Voters to decide on multi-million dollar bond initiatives in SE Texas


For voters across southeast Texas, they face a whole lot of spending questions on this year's ballot. Leaders have sent massive bond referendums to the people. They want them to shell out millions for new parks, roads, and schools among other things.

Harris County voters must decide whether to spend almost $850 million on projects. Officials want $700 million for roads, $60 million for new parks, $24 million for a new animal shelter, and $64 million for flood control.

Baker Institute Fellow Mark Jones at Rice University said voters need to educate themselves on these issues because their vote could last a generation.

"Most of the road construction that is going to take place as a result of this bond will take place in unincorporated northwest and west Harris county," said Jones. "For citizens particularly inside the 610 Loop that don't venture out past Beltway 8, they're not going to see any dramatic increase in the quality of their roads which are primarily controlled by the city of Houston."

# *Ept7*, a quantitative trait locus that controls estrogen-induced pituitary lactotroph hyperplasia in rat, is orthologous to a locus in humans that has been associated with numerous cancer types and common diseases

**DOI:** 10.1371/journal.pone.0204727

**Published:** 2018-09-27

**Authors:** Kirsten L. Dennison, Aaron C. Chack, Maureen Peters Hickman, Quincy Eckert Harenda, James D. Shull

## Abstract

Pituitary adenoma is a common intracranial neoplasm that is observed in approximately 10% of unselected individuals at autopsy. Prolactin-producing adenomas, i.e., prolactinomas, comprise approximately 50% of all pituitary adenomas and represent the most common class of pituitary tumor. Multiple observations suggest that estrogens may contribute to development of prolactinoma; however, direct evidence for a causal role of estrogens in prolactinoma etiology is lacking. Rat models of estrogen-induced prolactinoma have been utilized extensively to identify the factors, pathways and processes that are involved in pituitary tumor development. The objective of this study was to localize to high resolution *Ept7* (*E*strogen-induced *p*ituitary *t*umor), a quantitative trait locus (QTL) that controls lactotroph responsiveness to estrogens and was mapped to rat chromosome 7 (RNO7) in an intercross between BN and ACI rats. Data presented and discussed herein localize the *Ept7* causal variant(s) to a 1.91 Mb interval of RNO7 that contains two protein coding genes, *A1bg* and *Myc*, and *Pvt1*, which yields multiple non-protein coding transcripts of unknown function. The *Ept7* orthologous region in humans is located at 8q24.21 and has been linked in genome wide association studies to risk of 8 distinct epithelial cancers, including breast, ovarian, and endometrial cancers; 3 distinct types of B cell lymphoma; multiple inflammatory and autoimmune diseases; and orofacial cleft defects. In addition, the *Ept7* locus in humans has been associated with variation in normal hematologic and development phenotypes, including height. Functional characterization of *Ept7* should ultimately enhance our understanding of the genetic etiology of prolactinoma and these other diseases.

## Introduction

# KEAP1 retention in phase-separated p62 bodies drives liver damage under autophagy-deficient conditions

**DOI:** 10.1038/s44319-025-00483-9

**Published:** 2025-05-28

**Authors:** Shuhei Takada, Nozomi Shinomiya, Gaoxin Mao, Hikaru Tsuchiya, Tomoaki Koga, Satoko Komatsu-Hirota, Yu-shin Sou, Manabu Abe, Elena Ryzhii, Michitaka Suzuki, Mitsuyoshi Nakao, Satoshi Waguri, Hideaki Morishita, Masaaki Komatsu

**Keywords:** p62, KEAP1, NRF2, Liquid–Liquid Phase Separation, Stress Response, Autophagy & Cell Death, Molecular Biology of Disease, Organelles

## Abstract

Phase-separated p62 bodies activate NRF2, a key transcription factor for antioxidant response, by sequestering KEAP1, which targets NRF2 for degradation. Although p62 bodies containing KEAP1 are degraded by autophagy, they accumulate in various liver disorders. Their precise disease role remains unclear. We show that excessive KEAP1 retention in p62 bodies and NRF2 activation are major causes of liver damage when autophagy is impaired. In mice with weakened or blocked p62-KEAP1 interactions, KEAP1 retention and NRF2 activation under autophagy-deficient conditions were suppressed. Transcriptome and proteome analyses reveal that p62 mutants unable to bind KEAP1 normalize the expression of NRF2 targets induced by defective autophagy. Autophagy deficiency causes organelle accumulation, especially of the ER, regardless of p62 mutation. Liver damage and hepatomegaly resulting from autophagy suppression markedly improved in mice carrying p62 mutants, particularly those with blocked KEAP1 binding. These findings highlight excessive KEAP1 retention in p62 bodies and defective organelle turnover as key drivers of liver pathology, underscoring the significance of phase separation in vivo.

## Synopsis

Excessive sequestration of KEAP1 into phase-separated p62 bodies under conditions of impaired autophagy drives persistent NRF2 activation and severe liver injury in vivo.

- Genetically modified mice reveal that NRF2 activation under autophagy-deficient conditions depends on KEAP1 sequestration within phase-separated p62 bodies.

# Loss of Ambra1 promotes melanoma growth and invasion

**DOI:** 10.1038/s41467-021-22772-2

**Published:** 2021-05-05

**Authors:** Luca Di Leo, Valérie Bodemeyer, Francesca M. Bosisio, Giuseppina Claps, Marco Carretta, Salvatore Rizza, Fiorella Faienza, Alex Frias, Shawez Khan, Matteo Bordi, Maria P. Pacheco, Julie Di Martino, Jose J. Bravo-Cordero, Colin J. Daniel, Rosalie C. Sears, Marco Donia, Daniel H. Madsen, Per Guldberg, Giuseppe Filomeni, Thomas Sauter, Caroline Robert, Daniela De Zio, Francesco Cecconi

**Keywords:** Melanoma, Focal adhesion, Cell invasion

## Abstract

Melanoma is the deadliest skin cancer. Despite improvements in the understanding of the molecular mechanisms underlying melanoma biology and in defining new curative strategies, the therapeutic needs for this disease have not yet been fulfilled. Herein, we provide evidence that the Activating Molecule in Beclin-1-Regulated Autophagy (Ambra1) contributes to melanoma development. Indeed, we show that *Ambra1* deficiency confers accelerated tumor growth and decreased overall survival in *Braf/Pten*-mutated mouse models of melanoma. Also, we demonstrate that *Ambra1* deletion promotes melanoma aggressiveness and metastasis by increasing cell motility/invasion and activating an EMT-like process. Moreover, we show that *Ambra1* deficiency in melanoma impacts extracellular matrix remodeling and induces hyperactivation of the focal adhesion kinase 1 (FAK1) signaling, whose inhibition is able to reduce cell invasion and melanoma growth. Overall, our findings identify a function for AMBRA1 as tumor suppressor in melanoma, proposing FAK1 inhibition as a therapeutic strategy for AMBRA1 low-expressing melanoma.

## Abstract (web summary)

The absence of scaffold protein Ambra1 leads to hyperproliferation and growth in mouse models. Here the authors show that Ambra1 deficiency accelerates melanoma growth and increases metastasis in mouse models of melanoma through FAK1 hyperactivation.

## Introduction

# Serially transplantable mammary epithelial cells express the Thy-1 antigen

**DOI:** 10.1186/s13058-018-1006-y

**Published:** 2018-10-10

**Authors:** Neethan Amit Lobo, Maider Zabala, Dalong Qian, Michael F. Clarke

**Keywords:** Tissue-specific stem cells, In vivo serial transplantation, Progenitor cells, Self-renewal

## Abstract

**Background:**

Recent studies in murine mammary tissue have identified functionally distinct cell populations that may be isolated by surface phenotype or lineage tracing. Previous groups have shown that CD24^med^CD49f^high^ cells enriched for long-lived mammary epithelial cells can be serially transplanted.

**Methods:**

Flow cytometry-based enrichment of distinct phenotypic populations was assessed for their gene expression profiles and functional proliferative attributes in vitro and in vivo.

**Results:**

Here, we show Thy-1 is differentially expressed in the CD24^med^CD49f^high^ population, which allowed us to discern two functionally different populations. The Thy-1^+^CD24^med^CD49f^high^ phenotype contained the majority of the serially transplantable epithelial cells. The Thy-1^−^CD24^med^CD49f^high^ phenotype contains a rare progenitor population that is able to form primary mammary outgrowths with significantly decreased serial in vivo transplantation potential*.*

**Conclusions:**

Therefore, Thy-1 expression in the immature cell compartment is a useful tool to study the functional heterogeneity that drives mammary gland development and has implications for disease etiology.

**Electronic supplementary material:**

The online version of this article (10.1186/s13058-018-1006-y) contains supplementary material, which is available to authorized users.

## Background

Jones explained three-quarters of the new growth in the Houston area has happened in unincorporated parts of Harris County. He said many roads have sat unchanged since first being built by developers decades ago.

In Montgomery County, voters face multi-million dollar questions as well. Leaders want $280 million for new roads.

Conroe ISD wants $487 million for new schools. Cleveland ISD is asking for $35 million. Magnolia ISD wants $92 million, of which $8 million would go toward new football fields. Willis ISD wants voters to approve $109.5 million in bonds.

Other school districts asking for money include Alvin ISD and Waller ISD. Alvin ISD wants $245 million. Waller ISD wants $71.3 million.

In Fort Bend County, leaders want voters to approve almost $100 million in bonds. The list includes $62.9 million for county buildings, $19.8 million for libraries, $9.9 million for parks, and $6 million for fairground improvements.

Voters in League City and Clear Lake Shores also must decide whether they want to pay an extra percent in sales tax for road improvements.